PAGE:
Page 71 - Honour pricks me on. Yea, but how if honour prick me off when I come on ? how then ? Can honour set to a leg ? No. Or an arm ? No. Or take away the grief of a wound ? No. Honour hath no skill in surgery then ? No. What is honour ? A word. What is in that word, honour ? What is that honour ? Air. A trim reckoning ! — Who hath it ? He that died o
Page 29 - I am not yet of Percy's mind, the Hotspur of the north ; he that kills me some six or seven dozen of Scots at a breakfast, washes his hands, and says to his wife " Fie upon this quiet life ! I want work.
Page 4 - Marry, then, sweet wag, when thou art king, let not us, that are squires of the night's body, be called thieves of the day's beauty : let us be — Diana's foresters, gentlemen of the shade, minions of the moon : And let men say, we be men of good government; being governed as the sea is, by our noble and chaste mistress the moon, under whose countenance we — steal.
Page 9 - So, when this loose behaviour I throw off, And pay the debt I never promised, By how much better than my word I am By so much shall I falsify men's hopes ; And like bright metal on a sullen ground, My reformation, glittering o'er my fault, Shall show more goodly and attract more eyes Than that which hath no foil to set it off.
Page 60 - I saw young Harry, with his beaver on, His cuisses on his thighs, gallantly arm'd, Rise from the ground like feather'd Mercury, And vaulted with such ease into his seat As if an angel dropp'd down from the clouds, To turn and wind a fiery Pegasus, And witch the world with noble horsemanship.
Page 33 - Should I turn upon the true prince ? Why, thou knowest, I am as valiant as Hercules: but beware instinct; the lion will not touch the true prince. Instinct is a great matter ; I was a coward on instinct.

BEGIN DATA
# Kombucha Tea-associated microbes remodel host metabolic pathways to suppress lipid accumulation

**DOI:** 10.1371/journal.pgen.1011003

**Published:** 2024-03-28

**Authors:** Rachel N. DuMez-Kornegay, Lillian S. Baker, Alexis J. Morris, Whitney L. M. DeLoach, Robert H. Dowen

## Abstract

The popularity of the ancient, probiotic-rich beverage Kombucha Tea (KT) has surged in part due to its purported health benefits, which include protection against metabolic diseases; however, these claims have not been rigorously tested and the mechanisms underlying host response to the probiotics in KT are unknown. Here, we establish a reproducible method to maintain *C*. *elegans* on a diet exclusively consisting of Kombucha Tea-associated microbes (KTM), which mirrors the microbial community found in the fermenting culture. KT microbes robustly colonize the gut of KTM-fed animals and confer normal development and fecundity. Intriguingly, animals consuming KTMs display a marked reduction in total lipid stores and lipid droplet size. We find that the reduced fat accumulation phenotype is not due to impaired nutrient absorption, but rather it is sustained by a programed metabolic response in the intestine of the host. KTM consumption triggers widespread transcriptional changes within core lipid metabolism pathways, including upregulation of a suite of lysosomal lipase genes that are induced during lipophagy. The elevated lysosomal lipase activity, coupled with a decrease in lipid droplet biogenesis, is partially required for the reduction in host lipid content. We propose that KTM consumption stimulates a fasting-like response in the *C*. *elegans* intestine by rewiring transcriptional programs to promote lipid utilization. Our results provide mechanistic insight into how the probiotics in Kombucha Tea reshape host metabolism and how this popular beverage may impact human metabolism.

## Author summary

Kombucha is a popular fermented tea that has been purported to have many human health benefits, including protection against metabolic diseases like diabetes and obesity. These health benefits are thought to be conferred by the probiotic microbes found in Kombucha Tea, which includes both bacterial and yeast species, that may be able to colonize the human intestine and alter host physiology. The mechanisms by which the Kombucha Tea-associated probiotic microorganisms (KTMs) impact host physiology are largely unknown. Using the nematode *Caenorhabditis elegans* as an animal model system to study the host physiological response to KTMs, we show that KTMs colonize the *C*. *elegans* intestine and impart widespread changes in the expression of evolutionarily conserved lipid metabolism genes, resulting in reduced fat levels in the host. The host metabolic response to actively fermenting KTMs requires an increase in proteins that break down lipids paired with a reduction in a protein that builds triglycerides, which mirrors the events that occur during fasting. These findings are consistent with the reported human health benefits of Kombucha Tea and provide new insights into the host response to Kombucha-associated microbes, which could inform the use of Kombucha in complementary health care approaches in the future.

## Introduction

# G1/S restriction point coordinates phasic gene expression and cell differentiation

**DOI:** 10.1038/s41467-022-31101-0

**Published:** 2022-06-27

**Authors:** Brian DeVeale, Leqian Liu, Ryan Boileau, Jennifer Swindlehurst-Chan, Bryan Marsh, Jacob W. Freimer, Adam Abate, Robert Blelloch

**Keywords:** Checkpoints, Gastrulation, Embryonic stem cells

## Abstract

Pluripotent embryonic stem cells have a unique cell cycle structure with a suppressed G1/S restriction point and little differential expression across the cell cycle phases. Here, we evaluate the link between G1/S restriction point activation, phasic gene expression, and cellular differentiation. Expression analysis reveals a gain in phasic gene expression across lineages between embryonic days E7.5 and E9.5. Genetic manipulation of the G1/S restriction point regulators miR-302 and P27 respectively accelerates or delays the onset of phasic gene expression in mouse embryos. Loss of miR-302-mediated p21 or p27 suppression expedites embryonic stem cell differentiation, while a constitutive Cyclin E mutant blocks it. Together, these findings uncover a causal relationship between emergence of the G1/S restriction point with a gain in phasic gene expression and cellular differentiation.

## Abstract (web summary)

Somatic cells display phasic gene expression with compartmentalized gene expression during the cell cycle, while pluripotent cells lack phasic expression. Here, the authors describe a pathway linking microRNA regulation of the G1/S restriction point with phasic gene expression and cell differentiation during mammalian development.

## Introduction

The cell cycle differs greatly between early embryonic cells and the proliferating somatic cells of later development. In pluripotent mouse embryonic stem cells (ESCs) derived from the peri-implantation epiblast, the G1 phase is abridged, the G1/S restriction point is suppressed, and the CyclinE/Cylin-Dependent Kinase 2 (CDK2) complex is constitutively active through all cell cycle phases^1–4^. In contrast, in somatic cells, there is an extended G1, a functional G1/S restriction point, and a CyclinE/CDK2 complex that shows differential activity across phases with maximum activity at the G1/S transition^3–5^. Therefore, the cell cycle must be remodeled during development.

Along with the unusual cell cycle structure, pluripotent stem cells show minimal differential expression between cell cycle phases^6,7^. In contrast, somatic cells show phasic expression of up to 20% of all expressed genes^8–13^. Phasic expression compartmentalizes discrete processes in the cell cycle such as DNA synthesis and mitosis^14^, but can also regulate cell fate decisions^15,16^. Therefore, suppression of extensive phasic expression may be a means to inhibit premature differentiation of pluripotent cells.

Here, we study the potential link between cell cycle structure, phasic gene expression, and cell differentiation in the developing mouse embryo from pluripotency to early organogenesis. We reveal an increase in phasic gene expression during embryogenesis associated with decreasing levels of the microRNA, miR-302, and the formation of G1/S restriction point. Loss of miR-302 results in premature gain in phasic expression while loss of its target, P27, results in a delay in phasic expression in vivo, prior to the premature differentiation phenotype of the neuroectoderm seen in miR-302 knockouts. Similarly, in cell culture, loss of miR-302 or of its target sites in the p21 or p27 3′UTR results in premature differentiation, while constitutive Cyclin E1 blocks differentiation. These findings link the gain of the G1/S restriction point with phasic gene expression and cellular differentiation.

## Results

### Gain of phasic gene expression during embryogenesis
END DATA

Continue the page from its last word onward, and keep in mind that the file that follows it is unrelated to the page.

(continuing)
Page 10 - My liege, I did deny no prisoners. But I remember, when the fight was done, When I was dry with rage and extreme toil, Breathless and faint, leaning upon my sword, Came there a certain lord, neat...
Page 15 - To pluck bright honour from the pale-faced moon; Or dive into the bottom of the deep, Where fathom-line could never touch the ground, And pluck up drowned honour by the locks ; So he, that doth redeem her thence, might wear, Without corrival, all her dignities : But out upon this half-faced fellowship ! War.
Page 9 - I'll sup. Farewell. Poins. Farewell, my lord. [Exit POINS. P. Hen. I know you all, and will a while uphold The unyok'd humour of your idleness : Yet herein will I imitate the sun, Who doth permit the base contagious clouds ' To smother up his beauty from the world, That when he please again to be himself, Being wanted, he may be more wonder'd at, By breaking through the foul and ugly mists Of vapours, that did seem to strangle him.